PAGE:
In meetings where we are all sitting around the same physical table, where we are looking, and our awareness of where others are looking and sitting are important to having a "natural" conversation. These same aspects of the dialogue are absent in most video-mediated conversations.

Here Abi Sellen is shown in a 4-way round-the-table conversation.  However, in this case, each of the other three people is in different remote location.  Nevertheless, they all still have their own personal space, relative to Abi, as defined by their video surrogate, their Hydra unit.  Its camera is their surrogate eye, its speaker their surrogate mouth, and their surrogate eye and .mouth are attached to their surrogate body (the monitor and housing.  This use of space preserves many of the conventions of face-to-face conversation.

The Hydra units support the establishment and respect of each participant having their own personal space.  This can be combined with a data display that established a parallel shared task space, and when properly deployed, a natural sense of gaze awareness is preserved.

I often don’t live where I work.  So, if I want to work face-to-face with my colleagues, I either have to travel a lot, or videoconference.  After doing a fair bit of it, I came to not like video conferencing very much.  (Actually, I didn’t like it even at the start.  It just took a while until I got frustrated enough that I started doing something about it.)  First, I wanted to get the image of the remote people off of my computer screen.  It already has too much stuff on it, no matter how big it grows.  Second, I wanted to be able to do things in video conferences that I did in live meetings, such as whisper in someone’s ear, or break off into a brief side conversation, yet still be able to keep track of what was going on.  And, I wanted people to know who or what I was looking at, just as I wanted to know the same about them.  Such things are the underpinnings of our face-to-face social interactions, and they are typically awkward (at best) or absent (at worst) in electronic communication.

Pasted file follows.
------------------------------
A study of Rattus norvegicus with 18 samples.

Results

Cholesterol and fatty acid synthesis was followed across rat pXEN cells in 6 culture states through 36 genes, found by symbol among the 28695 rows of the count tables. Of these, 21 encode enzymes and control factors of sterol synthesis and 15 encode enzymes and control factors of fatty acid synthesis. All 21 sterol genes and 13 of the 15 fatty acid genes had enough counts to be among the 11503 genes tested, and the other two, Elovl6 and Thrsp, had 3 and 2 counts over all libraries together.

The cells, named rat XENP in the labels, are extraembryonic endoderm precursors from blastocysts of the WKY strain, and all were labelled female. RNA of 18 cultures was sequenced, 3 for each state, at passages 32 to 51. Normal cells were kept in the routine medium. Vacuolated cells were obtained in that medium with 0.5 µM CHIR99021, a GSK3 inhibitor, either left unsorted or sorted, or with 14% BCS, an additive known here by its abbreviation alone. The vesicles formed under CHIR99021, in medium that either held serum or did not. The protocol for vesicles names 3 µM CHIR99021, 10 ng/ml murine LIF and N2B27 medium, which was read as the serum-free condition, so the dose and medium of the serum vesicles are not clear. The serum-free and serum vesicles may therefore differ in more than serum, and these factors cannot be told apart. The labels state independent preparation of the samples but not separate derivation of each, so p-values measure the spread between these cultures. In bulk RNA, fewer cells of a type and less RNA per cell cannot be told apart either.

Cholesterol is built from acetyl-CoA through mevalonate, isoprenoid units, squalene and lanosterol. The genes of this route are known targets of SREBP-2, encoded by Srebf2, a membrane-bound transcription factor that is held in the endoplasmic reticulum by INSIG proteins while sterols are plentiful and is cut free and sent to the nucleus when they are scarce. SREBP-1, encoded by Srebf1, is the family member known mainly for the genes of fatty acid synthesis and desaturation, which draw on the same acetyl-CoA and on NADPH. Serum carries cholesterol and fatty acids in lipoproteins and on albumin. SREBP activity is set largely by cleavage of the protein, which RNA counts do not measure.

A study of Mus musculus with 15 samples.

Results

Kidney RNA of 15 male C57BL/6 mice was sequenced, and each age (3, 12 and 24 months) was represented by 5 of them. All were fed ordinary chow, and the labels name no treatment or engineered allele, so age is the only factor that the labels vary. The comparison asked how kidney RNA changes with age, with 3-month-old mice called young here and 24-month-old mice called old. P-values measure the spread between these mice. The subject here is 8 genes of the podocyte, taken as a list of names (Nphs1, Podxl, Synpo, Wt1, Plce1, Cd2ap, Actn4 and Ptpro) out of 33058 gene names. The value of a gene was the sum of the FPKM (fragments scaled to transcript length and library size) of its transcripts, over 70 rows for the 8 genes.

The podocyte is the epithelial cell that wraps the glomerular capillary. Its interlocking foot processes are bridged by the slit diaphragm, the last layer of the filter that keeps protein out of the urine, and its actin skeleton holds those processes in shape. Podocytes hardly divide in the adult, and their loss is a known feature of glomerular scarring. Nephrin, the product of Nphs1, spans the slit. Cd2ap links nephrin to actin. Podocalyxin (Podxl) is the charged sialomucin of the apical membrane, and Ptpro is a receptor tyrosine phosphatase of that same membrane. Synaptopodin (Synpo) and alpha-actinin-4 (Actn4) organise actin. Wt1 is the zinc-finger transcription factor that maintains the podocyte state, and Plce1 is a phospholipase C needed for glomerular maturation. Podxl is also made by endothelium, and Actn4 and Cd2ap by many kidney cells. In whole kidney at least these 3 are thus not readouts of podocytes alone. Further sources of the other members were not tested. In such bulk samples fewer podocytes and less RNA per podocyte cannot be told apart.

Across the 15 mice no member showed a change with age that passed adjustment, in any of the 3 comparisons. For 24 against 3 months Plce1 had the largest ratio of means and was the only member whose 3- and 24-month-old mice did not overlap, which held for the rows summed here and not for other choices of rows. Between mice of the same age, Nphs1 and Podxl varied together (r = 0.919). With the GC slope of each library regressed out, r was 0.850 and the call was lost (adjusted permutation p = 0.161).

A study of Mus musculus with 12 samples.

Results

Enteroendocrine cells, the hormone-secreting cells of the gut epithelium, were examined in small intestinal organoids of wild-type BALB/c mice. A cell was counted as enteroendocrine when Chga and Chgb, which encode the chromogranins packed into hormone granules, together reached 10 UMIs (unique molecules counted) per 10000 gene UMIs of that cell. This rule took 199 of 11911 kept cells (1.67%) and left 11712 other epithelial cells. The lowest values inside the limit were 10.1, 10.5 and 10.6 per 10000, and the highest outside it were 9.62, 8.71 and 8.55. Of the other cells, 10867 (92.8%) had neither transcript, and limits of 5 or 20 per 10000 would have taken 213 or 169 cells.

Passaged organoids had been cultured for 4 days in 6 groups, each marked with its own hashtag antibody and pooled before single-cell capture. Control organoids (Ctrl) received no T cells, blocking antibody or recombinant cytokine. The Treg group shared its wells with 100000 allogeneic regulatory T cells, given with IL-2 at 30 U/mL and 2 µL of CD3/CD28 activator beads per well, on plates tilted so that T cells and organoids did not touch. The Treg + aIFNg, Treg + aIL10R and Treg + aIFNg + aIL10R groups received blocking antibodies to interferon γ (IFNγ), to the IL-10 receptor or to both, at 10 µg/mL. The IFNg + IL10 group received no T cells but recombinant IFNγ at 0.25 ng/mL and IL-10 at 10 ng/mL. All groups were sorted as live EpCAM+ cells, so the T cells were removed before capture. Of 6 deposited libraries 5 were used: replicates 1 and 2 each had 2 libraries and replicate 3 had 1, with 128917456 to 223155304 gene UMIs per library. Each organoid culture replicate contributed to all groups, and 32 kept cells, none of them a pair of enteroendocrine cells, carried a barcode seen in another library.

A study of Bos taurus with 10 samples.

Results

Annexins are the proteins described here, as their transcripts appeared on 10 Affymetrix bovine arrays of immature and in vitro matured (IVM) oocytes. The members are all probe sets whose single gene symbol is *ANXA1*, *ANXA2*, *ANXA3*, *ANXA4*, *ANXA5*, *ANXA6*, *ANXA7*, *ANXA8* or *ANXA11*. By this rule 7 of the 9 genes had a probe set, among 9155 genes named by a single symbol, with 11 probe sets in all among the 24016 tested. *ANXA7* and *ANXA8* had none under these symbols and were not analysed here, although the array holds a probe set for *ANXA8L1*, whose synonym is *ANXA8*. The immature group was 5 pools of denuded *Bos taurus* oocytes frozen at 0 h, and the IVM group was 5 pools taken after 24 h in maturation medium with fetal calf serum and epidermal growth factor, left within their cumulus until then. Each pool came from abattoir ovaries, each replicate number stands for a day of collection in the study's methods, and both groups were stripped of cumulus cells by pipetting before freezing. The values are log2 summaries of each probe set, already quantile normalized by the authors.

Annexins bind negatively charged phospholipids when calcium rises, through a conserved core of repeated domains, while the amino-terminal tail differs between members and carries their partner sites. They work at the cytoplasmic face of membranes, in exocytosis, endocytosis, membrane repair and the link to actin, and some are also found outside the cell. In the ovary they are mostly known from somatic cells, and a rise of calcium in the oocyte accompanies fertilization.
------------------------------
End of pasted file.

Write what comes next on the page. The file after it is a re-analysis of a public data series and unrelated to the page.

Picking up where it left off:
So what we did is build little video “surrogates” that could be occupied by the remote people.  Each little unit had a camera, speaker and monitor. The speaker, then, was not a “loudspeaker” but a surrogate mouth.  The camera was not a :video camera” but a surrogate eye, and the eye and the mouth were attached to the “body” (Monitor) and together they occupied their own unique physical space.  For a four-way round-the-table conversation, think of three little towers on your desk which together take up less space than a telephone.  If everyone is set up the same way, you can each be in different places, but still have your own “seat” in a 4-person “round table, with someone across the table from you, to your left, and to your right.  Because each person’s voice comes from their own unique location, you can exploit what is known as the “cocktail party effect” and hear them all, but attend to the one that you want.  Plus, everyone knows who is looking at who. Why?  Because the whole thing was designed to exploit the very same skills that you had built up from a life time of living in the everyday world.  And, because the units were so small, there was still room on your desk for your other work.


And, if you build in the same “intelligence” in these devices that turns on the faucets in public washrooms, they even have the potential to give you a private audio link if and when you lean over close to one of them and speak.


When we built these in the early ‘90s, they worked, but they were not technically or economically practical.  But times are changing.  And, the interesting thing is that it may turn out that as such things appear, we learn that more of the right technology  may result in less intrusion, and interactions that far more approximate, and emulate how we normally interact.  More appropriate design can lead to more transparency, rather than more things to frustrate.